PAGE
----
Finance Ministry has said that the revised policy rate of State Bank could not give results to control inflation in the country as the current waves of inflation are largely because of supply constraints and increasing international prices.
The Finance Ministry has issued monthly Economic Data and Outlook here on Wednesday. The ministry said that the economic growth in Pakistan is facing challenging situation due to wider macroeconomic imbalances.
The number of potential risks may diverge it from optimal path. First, the cyclical position of Pakistan’s main trading partners is somewhat deteriorating. Their central banks are raising interest rates to counter inflation thus leading to possible recession in those countries.
In US, inflation has likely peaked on YoY terms and will stay well above the Fed’s target through the end of 2022 as Russia-Ukraine conflict keeps food and energy prices elevated. The Federal Reserve raised its benchmark interest rates three-quarters of a percentage point in its most aggressive hike since 1994.
Second, The State Bank of Pakistan (SBP) may further raise domestic interest rates. The demand management policy of SBP may not be very effective as the current waves of inflation are largely caused by supply constraints and increasing international prices, especially commodity prices. The exchange rate depreciation is also a source of concern as it makes the imported raw material more expensive.
Headline inflation (CPI) in May FY2022 was recorded at 13.8 percent against 10.9 percent in the same month last year in Pakistan. Escalating food prices, high transportation cost and rising fuel and energy prices remained major drivers of inflation.
The persistent rise in domestic consumer prices is eroding real incomes, limiting the spending power of consumers and investors. Inflation in Pakistan is driven by both external and internal factors. International commodity prices, especially oil and food prices are the main external drivers. Furthermore, domestic supply chain and market expectations also play an important role to determine inflation. The inflation has been rising since September 2021 which is expected to continue in June 2022.
Uncertain geopolitical situation due to Russia-Ukraine conflict has exacerbated the uncertainty and intensified the supply disruptions as observed by skyrocketing international commodity prices. Both countries have significant export share in the world trade especially in agriculture and energy products. Pakistan being a net importer of energy and food items is also affected by rising international prices.
The Government has withdrawn subsidies on fuel and energy products to control the mounting twin deficit. As a result, sharp increase in prices of all oil products is witnessed. Further, the recent rise in international commodity prices especially energy and food, will also be translated into domestic prices. The government will continue to alleviate the burden of the poorest segment of the society through various programs. In this scenario, YoY inflation is expected to accelerate in June and may remain within range of 14.5 -15.5 percent.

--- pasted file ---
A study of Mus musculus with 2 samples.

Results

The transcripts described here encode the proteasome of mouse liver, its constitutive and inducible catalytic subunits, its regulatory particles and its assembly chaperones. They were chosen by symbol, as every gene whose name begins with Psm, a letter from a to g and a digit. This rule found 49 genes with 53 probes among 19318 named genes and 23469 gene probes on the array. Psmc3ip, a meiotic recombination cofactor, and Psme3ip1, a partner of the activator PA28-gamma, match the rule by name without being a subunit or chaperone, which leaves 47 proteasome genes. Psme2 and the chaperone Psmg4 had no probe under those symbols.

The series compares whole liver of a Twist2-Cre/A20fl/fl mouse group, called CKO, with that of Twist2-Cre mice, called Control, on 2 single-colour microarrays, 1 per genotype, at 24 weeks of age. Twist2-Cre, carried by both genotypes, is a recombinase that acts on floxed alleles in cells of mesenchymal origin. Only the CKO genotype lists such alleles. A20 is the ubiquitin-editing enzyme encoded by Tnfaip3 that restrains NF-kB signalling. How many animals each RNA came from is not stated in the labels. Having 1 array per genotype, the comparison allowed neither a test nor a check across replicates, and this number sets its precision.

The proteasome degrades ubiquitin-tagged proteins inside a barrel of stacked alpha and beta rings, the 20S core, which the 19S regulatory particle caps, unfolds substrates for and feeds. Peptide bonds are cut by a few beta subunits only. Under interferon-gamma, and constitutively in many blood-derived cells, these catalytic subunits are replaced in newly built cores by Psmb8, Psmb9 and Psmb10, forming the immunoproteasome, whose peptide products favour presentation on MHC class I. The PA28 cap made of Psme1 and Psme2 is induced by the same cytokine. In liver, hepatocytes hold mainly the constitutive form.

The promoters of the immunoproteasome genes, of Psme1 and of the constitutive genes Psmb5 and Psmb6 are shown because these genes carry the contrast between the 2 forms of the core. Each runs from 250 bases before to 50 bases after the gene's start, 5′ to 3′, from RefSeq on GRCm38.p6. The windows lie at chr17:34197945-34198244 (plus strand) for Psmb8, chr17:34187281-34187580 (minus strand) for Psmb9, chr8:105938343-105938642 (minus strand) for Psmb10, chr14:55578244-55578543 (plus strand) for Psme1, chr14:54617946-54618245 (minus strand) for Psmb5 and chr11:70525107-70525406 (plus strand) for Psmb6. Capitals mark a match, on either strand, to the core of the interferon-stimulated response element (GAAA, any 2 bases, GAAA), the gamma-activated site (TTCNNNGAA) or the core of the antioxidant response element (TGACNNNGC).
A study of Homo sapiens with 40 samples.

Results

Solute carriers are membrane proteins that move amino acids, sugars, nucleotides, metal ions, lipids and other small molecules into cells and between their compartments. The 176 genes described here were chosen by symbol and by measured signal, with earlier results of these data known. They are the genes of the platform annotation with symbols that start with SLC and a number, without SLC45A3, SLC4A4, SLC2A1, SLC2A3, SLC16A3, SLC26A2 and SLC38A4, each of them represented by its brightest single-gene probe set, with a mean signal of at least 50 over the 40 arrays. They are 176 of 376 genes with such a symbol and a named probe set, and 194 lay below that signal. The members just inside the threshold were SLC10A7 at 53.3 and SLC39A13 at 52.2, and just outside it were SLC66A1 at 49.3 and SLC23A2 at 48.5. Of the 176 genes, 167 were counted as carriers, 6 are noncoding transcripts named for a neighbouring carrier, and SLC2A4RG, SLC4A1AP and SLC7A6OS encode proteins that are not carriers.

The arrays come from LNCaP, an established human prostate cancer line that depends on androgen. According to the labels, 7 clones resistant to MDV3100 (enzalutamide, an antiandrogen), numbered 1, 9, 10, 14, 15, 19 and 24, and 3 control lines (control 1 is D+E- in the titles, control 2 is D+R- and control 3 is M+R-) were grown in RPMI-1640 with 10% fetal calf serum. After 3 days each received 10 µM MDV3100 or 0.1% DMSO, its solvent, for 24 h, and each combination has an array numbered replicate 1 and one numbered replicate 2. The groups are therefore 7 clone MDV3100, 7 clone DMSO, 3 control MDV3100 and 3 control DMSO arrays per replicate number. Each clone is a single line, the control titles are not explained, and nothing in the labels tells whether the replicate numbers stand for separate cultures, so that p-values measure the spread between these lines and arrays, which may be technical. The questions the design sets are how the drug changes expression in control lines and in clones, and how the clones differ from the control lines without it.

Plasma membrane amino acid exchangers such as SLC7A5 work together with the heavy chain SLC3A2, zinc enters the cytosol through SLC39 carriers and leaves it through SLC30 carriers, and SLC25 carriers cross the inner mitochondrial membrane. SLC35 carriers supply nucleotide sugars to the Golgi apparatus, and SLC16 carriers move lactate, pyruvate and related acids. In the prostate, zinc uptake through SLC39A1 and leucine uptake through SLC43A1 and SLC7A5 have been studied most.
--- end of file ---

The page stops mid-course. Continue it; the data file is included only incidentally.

The overall fiscal deficit increased to 4.9 percent of GDP (Rs 3,275 billion) during Jul-Apr FY2022 as against the 3.6 percent (Rs 2,020 billion) in the same period of last year. The primary balance posted a deficit of Rs 890 billion (-1.3 percent of GDP) against the surplus of Rs 159 billion (0.3 percent of GDP) during the period under review.
The deterioration has been triggered due to an increase in total expenditure with a higher pace relative to revenues. Total expenditure grew by 32 percent to reach Rs 6,857 billion in Jul-Apr FY2022 as compared to Rs 5,196 billion last year. Current expenditures registered a sharp acceleration of 33 percent mainly due to higher subsidies and grants.
FBR has provisionally collected Rs 5,358.2 billion in Jul-May FY2022 against Rs 4,164.3 billion in the same period last year, representing a growth of 28.4 percent. In May 2022, the net collection was Rs 492.4 billion, a 27.4 percent increase over the Rs 386.6 billion in May 2021.
The Current Account posted a deficit of $ 15.2 billion for Jul-May FY2022 as against a deficit of $ 1.2 billion last year. Current account deficit widened due to constantly growing import volume of energy and non-energy commodities, along with a rising trend in the global prices of oil, COVID-19 vaccines, food and metals.
The total imports in Jul-May, FY2022 increased to $ 72.3 billion ($ 50.0 billion last year), thus posted a growth of 44.5 percent. Main commodities imported were Petroleum products ($10.0 billion), Medicinal products ($ 3.9 billion), Petroleum crude ($ 4.8 billion), Liquefied Natural Gas ($ 4.3 billion), Palm Oil ($ 3.4 billion), Plastic materials ($ 2.8 billion) and Iron & Steel ($ 2.6 billion).
Despite achieving a real GDP growth of 5.97 percent in FY2022, the underlying macroeconomic imbalances and mounting international risks are depicting challenging outlook especially pertaining to external sector.